West 47th Street (August 19; 10 to 11:30 p.m.; Channel 13) documents the three years that Bill Lichtenstein and June Peoples spent videotaping in Fountain House, a rehabilitation center in Manhattan for the mentally ill and homeless, with the focus on four regulars whose problems range from drug addiction to schizophrenia.
Smoking Gun TV (August 20; 8 to 9 p.m.; Court TV), spinning off from the Website, goes behind the scenes and into the closet to dish dirt with Mo Rocca about celebrity divorces, strange crimes, concert-tour performers’ demands, and Rocca’s Nick Nolte makeover.
A Decade Under the Influence (August 20, 21, 22; 8 to 9 p.m.; IFC), co-directed by Richard LaGravenese and the late Ted Demme, lets filmmakers like Robert Altman, Sidney Lumet, Julie Christie, and Dennis Hopper talk about seventies movies that made a difference before we actually see Mean Streets, Alice Doesn’t Live Here Anymore, and The Conversation.
Failure Is Not an Option (August 24; 9 to 11 p.m.; History Channel) tells the space-program story yet again, but this time entirely from the point of view of the groundlings at Mission Control.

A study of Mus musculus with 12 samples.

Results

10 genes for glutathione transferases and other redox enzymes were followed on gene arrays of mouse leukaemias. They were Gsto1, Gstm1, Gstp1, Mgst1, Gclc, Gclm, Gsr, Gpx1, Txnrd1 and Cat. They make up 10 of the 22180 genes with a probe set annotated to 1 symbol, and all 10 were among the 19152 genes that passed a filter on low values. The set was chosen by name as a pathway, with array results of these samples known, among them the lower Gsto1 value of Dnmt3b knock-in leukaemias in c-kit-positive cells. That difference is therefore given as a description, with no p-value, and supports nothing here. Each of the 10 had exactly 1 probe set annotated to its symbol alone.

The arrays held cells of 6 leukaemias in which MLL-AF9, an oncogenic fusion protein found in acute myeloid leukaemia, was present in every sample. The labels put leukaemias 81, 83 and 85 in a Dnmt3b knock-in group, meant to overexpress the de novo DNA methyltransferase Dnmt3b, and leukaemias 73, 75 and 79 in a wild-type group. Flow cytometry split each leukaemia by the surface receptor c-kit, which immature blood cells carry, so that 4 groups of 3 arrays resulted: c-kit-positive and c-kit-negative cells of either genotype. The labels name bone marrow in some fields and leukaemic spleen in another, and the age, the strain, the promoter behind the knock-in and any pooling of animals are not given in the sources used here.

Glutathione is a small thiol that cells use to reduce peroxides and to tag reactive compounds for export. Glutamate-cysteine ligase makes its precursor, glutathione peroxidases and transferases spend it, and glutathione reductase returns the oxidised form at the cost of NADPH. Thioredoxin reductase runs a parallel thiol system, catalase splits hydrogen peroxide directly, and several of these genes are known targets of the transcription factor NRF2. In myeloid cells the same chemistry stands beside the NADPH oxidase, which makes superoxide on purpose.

Rebus (August 25; 9 to 11 p.m.; BBC America), a series of four extremely gritty two-hour mystery movies, stars the remarkable John Hannah as a morose Edinburgh police detective who feels as bad about himself as he does about a corrupt world of pedophilia and serial murder.
Family Fundamentals (August 26; 10 to 11:30 p.m.; Channel 13) is what filmmaker Arthur Dong found looking into three families, one Mormon, one Catholic, one Pentecostal, and the different ways they deal with a homosexual child. You will not be surprised to hear that of all the people we meet in this P.O.V. installment, former California congressman Bob Dornan is the biggest jerk.
Berlin Philharmonic Europakonzert: From Palermo (August 27; 9:30 to 11:30 p.m.; Channel 13) features Gil Shaham as the soloist in Brahms’s Violin Concerto, Opus 77, plus Dvorák, Verdi, and Beethoven.
“I Have a Dream” (August 28; 10 to 11 p.m.; ABC) is a look back by Peter Jennings at Martin Luther King’s speech, on the fortieth anniversary of the March on Washington, and a meditation on the history of the civil-rights movement since then.
Lucy Must Be Traded, Charlie Brown (August 29; 9 to 9:30 p.m.; ABC) plays baseball with a bunch of comic-strip characters who seem not to know that the artist who gave birth to them is dead.
The Inspector Lynley Mysteries (August 31 through September 21; 9 to 10:30 p.m.; Channel 13) features Nathaniel Parker as Thomas Lynley, the eighth earl of something or other as well as gentleman detective in the Elizabeth George novels, nicely teamed with Sharon Small as Sergeant Barbara Havers, who is not as posh and is sometimes hostile about it. First up, a tortured dead boy at a snooty private school where sex and drugs are on the curriculum.
Freshman Diaries (August 31; 11 to 11:30 p.m.; Showtime) devotes ten half-hour episodes to seventeen freshmen, of various races, religions, and sexual preferences, at the University of Texas in Austin. My favorite is Natasha, a Goth chick with a pierced lip. But all of them feel bad.